Ninjutsu: A Commoner’s Guide is a synthesis of recently promulgated information concerning the art and history of the shinobi-no-mono (aka ninja). The text aims to demystify ninjutsu and inform the reader of its nature with the aid of ancient shinobi-no-jutsu manuals recently translated into English. A brief preview of the text’s contents is available via

Purchase this title here Product Reviews:

“The author writes from the perspective of a “ninja enthusiast” and forces the western ninjutsu dojo culture to engage in some serious self-reflection. This is a quick read, coming in just under 100 pages, but it draws from many lengthy sources which are listed in the back. This list of sources alone is worth the price of the book. I’d recommend this book to anyone interested in studying the history of ninjutsu and/or it’s impact on modern martial and self-defense culture. The author extends the tactics, principles, and philosophy of ninjutsu from its historical context into modern society.” – Andrew Hageman (5 out of 5)

A little small, but otherwise fairly good. It sticks to it’s name as a “commoner’s guide,” presenting mainly the basics. My only critique would be that it uses too few references, looking only at the usually quoted materials for this work, and does not dig into Japanese military history as well as it should to present a more clear and true picture. Therefore, it still adheres to — and supports — some of the same media hype that has misrepresented ninjutsu for decades by using the same media-given references.-Tengu151 (4 out of 5)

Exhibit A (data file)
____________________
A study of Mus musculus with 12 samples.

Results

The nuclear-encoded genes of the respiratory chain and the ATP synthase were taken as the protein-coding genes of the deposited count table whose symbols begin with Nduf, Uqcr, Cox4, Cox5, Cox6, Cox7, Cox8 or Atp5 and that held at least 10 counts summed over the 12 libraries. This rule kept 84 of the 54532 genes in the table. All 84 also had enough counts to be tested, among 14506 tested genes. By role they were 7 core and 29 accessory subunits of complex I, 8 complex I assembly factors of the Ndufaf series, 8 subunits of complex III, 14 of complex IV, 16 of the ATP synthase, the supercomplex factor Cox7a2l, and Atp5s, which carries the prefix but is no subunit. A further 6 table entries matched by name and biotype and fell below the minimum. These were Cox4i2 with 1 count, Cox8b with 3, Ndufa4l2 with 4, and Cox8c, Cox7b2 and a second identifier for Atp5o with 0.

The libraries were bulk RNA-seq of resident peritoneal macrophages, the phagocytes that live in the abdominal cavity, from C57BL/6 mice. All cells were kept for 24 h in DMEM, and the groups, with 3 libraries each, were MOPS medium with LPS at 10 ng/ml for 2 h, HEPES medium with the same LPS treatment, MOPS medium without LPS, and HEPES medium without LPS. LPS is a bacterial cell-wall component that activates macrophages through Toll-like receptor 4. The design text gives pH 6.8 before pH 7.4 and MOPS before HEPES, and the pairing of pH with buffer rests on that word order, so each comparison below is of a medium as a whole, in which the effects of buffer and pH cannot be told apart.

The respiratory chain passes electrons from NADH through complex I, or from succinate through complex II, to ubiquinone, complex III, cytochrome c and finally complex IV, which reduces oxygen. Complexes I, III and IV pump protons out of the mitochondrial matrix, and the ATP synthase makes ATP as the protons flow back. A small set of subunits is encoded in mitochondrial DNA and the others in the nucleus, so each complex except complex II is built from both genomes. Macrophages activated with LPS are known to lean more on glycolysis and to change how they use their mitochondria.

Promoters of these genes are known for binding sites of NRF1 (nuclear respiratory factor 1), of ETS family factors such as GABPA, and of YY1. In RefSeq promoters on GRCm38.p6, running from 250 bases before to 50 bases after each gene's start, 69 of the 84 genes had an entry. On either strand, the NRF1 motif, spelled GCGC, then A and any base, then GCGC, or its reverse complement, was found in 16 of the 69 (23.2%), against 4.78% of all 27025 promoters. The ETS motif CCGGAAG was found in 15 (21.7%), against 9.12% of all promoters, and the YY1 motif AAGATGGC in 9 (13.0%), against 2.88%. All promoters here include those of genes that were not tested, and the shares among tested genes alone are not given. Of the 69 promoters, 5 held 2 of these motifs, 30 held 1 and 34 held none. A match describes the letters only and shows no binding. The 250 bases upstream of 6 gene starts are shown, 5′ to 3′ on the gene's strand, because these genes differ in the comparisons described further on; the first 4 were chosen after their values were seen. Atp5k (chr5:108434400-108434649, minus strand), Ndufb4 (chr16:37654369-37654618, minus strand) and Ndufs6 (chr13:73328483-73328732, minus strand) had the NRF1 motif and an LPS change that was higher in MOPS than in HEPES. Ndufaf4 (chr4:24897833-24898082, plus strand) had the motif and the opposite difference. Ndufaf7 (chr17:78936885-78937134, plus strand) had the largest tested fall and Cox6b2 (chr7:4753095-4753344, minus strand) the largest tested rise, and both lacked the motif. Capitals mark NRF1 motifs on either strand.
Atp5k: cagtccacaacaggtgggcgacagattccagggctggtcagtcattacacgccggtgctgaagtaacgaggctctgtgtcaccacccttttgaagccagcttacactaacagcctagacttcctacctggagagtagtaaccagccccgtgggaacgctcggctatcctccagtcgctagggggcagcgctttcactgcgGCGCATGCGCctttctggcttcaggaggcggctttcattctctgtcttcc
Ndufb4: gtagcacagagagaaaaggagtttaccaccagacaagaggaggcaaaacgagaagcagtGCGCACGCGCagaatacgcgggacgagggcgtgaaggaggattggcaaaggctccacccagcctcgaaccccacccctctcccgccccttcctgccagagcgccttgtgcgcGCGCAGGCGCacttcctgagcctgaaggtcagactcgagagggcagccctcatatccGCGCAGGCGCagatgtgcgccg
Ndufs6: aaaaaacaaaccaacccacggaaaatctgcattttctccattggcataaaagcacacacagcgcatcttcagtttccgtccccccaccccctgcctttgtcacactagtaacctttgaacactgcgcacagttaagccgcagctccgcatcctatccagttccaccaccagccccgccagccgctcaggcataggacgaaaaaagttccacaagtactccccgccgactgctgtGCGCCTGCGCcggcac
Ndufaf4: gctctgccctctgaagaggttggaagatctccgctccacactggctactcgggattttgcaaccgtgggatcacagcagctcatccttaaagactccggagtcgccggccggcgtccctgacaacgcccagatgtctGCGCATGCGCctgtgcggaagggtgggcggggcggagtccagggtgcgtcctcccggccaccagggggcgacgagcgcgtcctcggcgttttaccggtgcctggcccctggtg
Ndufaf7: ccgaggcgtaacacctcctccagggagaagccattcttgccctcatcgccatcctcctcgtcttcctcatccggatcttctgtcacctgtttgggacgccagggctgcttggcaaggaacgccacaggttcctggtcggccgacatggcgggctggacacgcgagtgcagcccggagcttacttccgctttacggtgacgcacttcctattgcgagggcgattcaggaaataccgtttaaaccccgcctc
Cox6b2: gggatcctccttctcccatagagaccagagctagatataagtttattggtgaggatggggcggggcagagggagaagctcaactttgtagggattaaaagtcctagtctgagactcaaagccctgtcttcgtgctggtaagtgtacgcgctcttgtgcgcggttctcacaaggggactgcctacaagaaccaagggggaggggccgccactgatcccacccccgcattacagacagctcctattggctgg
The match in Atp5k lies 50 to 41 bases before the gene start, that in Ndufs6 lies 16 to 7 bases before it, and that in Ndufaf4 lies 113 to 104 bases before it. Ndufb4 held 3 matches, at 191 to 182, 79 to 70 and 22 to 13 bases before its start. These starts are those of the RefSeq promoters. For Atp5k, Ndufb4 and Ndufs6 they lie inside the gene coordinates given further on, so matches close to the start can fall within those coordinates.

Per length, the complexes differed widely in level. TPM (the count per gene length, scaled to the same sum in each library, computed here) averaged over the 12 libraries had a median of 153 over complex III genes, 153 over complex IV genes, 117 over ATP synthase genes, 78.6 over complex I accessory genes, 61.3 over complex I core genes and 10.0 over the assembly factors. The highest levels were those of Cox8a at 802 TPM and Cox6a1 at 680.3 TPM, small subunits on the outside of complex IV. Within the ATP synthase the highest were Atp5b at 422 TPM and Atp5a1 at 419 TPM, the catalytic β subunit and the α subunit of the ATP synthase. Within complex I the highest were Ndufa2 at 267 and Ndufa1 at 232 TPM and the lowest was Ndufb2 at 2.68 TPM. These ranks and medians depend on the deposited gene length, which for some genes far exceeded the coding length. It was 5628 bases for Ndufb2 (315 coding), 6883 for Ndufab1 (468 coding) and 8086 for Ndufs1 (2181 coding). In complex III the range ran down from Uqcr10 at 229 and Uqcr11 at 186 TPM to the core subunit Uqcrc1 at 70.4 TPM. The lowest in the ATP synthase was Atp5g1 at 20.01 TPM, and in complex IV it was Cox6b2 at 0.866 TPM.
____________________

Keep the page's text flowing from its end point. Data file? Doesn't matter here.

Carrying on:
Available on Amazon. Click here.

The Unconventional Notions series is purposed to inform readers on subjects that are generally considered too ‘taboo’ or ‘conspiratorial’ to receive attention within the respectable purview of conventional media platforms (i.e. the mainstream). It is hoped that this culmination of lucubratory efforts of a commoner will spark within the reader deeper cogitation of the subjects herein contained, so as to stimulate an appetite for meaningful dialogue and foster a desire to self-educate. The perspectives offered on the constituent subjects are not to be taken as the final word or definitive truth, though premises are given and conclusions are sourced. The intentions of this commoner are aligned with the understanding that duty to humankind includes the willingness to share what one has learned so as to elucidate where one has fallen, and guide to where one has watered.